Amitabh Bachchan short-circuits Circuit in Pepsi ad

By , agencyfaqs! | In | August 18, 2004
TVC to make an appearance at C&S homes in September

Pepsi ads have traditionally been somewhat elitist. Perhaps, because they feature a Shah Rukh Khan, a Preity Zinta, or a Saif Ali Khan. Yes, there is an aspirational feel to all these commercials, but it's always weaved around an urban setting. While Aamir Khan has played a Punjabi farmer, a Bihari businessman and a Hyderabadi paanwala among other characters, and has endeared arch-rival Coca-Cola to the masses, Pepsi's brand ambassadors have only played & #BANNER1 & # themselves in successive ads - albeit successfully.

Seen in this light, Pepsi's TVC, which is slated to break at C&S homes in September, is refreshingly different in more ways than one.

First, the ad - featuring megastar Amitabh Bachchan and Arshad Warsi (who played Circuit in the hit film Munnabhai MBBS) - is played out in a rural setting, which, by itself, is a rarity for Pepsi. The cola brand, except for a stray ad or two, has never really focused on a rural setting.

Second, the ad chronicles a tussle between the `haves' and the 'have-nots' with a strong story-line. Third, Bachchan, unlike a yuppie Shah Rukh, appears as a completely non-glamorous villager. And fourth, Bachchan's character is styled in a very different way and is very unlike the spate of advertisements that he features on these days. But, we will leave this point, for the moment.

Let's first look at the film. Directed by Rajesh Krishnan and produced by Footcandle on behalf of JWT India, the Pepsi film focuses on how a village boatman (played by Bachchan) gets even with a city-bred upstart (Warsi).

The film starts with a few crates of Pepsi being placed on a boat, and Warsi (sporting a yuppie look) instructing the boatman to start rowing. The old man (Amitabh) quietly goes about his work. Halfway through, the tired rower requests his passenger for some Pepsi to quench his thirst.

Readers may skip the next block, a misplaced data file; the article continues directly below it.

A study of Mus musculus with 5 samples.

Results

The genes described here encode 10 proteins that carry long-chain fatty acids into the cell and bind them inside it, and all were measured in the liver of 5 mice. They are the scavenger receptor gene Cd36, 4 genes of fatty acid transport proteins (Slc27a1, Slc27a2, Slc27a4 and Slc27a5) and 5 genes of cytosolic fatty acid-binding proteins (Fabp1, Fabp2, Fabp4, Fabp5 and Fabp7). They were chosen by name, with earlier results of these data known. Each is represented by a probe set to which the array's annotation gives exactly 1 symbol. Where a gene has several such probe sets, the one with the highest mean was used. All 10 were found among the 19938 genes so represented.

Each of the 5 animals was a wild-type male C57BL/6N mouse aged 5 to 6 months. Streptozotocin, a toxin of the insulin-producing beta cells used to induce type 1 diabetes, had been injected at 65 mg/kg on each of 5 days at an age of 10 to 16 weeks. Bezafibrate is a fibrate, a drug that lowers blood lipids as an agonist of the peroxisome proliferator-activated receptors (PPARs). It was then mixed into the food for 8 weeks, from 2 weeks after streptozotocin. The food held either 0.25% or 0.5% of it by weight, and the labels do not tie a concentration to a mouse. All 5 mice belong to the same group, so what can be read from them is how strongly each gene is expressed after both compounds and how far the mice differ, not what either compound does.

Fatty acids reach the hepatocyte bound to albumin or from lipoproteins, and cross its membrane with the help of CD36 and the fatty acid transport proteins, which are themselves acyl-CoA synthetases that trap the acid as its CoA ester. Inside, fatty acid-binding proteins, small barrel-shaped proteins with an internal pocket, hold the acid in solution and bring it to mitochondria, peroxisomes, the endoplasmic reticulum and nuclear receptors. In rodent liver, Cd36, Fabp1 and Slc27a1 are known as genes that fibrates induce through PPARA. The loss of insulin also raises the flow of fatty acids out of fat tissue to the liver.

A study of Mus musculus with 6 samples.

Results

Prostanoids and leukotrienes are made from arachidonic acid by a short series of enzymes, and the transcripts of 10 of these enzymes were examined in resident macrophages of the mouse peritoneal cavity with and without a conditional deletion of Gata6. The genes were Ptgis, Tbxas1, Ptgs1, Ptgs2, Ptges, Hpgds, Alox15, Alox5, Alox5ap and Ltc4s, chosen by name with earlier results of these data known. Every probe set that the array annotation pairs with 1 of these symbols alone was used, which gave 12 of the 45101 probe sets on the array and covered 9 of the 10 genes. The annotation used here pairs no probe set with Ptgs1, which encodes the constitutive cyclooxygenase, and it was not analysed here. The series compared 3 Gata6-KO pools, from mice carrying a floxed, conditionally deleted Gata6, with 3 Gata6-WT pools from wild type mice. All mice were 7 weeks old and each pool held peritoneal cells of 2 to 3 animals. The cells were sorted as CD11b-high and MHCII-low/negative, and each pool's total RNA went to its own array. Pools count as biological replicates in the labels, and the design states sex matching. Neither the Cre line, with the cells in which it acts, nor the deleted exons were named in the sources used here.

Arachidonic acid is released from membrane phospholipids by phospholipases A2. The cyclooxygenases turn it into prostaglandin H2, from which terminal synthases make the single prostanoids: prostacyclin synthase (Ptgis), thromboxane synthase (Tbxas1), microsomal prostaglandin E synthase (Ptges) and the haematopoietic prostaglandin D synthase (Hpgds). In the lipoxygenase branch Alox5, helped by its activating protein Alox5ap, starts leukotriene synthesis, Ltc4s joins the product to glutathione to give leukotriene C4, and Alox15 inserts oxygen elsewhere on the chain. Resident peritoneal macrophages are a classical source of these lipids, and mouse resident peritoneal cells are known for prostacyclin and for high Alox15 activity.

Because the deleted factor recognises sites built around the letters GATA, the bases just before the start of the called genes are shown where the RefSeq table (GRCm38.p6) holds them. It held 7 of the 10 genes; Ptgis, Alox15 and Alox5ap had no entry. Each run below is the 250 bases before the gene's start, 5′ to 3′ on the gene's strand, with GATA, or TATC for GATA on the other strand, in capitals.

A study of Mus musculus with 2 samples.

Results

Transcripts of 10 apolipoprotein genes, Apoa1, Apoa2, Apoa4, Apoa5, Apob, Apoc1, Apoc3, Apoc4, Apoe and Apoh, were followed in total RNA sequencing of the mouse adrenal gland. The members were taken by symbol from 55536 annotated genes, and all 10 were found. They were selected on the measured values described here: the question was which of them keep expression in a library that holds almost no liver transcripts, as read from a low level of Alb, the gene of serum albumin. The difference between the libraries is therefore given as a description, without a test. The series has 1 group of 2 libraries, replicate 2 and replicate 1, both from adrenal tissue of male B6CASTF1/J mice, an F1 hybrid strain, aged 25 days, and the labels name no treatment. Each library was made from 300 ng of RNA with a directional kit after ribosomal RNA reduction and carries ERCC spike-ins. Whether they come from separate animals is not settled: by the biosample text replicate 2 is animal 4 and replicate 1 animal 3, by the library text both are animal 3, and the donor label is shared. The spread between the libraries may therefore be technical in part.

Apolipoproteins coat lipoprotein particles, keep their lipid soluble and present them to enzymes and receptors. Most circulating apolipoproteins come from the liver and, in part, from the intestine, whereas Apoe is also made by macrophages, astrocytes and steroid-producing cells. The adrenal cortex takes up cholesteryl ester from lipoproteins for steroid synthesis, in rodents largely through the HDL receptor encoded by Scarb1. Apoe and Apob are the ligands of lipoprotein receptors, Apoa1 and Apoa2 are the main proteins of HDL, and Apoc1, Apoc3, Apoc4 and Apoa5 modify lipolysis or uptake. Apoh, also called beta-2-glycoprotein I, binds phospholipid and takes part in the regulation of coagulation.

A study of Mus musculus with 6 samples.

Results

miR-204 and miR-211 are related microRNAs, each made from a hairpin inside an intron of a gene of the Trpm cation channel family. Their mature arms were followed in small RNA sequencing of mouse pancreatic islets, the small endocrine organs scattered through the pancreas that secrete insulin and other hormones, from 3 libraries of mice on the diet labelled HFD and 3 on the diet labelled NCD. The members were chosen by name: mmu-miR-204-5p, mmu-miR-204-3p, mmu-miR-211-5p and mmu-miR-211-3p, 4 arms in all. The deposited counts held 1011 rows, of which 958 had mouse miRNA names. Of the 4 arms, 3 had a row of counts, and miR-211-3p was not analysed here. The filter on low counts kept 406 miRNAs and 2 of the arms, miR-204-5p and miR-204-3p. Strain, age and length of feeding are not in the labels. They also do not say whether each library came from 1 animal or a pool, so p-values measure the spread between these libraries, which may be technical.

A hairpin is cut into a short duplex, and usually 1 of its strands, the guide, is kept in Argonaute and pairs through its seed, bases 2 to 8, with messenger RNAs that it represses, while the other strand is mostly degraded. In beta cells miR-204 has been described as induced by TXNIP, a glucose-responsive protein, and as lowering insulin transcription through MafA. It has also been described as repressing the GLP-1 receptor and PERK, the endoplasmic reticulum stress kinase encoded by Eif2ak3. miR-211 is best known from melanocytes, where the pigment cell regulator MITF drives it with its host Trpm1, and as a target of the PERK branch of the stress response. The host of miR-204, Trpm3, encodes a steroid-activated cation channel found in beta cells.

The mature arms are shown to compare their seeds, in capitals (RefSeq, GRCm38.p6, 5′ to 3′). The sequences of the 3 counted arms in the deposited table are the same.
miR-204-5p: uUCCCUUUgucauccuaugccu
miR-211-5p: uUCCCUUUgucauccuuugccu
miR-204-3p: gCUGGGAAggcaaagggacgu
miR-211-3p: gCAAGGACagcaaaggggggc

Too busy arranging his locks, the passenger rudely snubs the boatman. Down but definitely not out, the old man sets his mind to work. Soon, the upstart is back for the next trip. On the boat, as expected, our stud gets back to grooming himself but gets the shock of his life, when suddenly water shoots up from the base of the boat.

Immediately, the boat owner leaving his oars aside, screams and asks the passenger to put his foot on the leaking hole. Warsi complies, but the next instant, water shoots from another hole in the boat. Even as the boatman instructs the passenger to stop the leak, he pulls something and two more fountains sprout up.

Soon, Warsi gets sprawled on the deck - desperately trying to block the leakages with his hands and feet. With his enemy completely engaged, the boatman happily grabs a bottle, smiles at the hapless passenger and gleefully gulps down the Pepsi.

Amid the background jingle: `Yeh pyaas......hai badi', and after having enjoyed his drink, the boatman comments to the loser, "Badi pyaas lagi hogi na? Paani pi paani." (Must be feeling very thirsty - right? Have water, man).

Rohit Ohri, senior vice-president and area director, JWT India, says that the basic insight around 'Yeh Pyaas Hai Badi' is about having a 'big thirst' for life. "It's not about dreaming about tomorrow, or reliving the past... it's about getting the maximum out of life - 'now'. Today's youth don't want to wait for the good things in life. They want it all. And they want it now."

That, according to Ohri, is the attitude of Bachchan in the film. "Normally, someone like a boatman, having been refused a Pepsi, would be quite resigned to his fate. Not our 'hero'. He wants a Pepsi, so he reaches out and gets one for himself - now. Seen in this context, there's a 'big thirst' to get even in life too. Yes, there's a bit of trickery involved. But in today's context, it's acceptable and cool," he adds.

The TVC has been around for Doordarshan viewers for some time since Pepsi was unable to run its campaign with Shah Rukh Khan as an army jawan on the national network. "That was due to DD's rules that no advertisement should feature forces in uniform," Ohri explains.

What's also interesting is that the great Amitabh Bachchan underwent an image makeover in this ad. Come to think of it. Almost all the recent advertisements featuring the Big B had him donning sharply-cut suits and sporting a very urban look.

"There was a sheer fatigue in seeing Amitabh in suits in film after film. In our ads, he breaks clutter and looks very different as a village boatman, complete with a rural headgear," Ohri adds.

The magic of Bachchan clearly lives on. © 2004 agencyfaqs!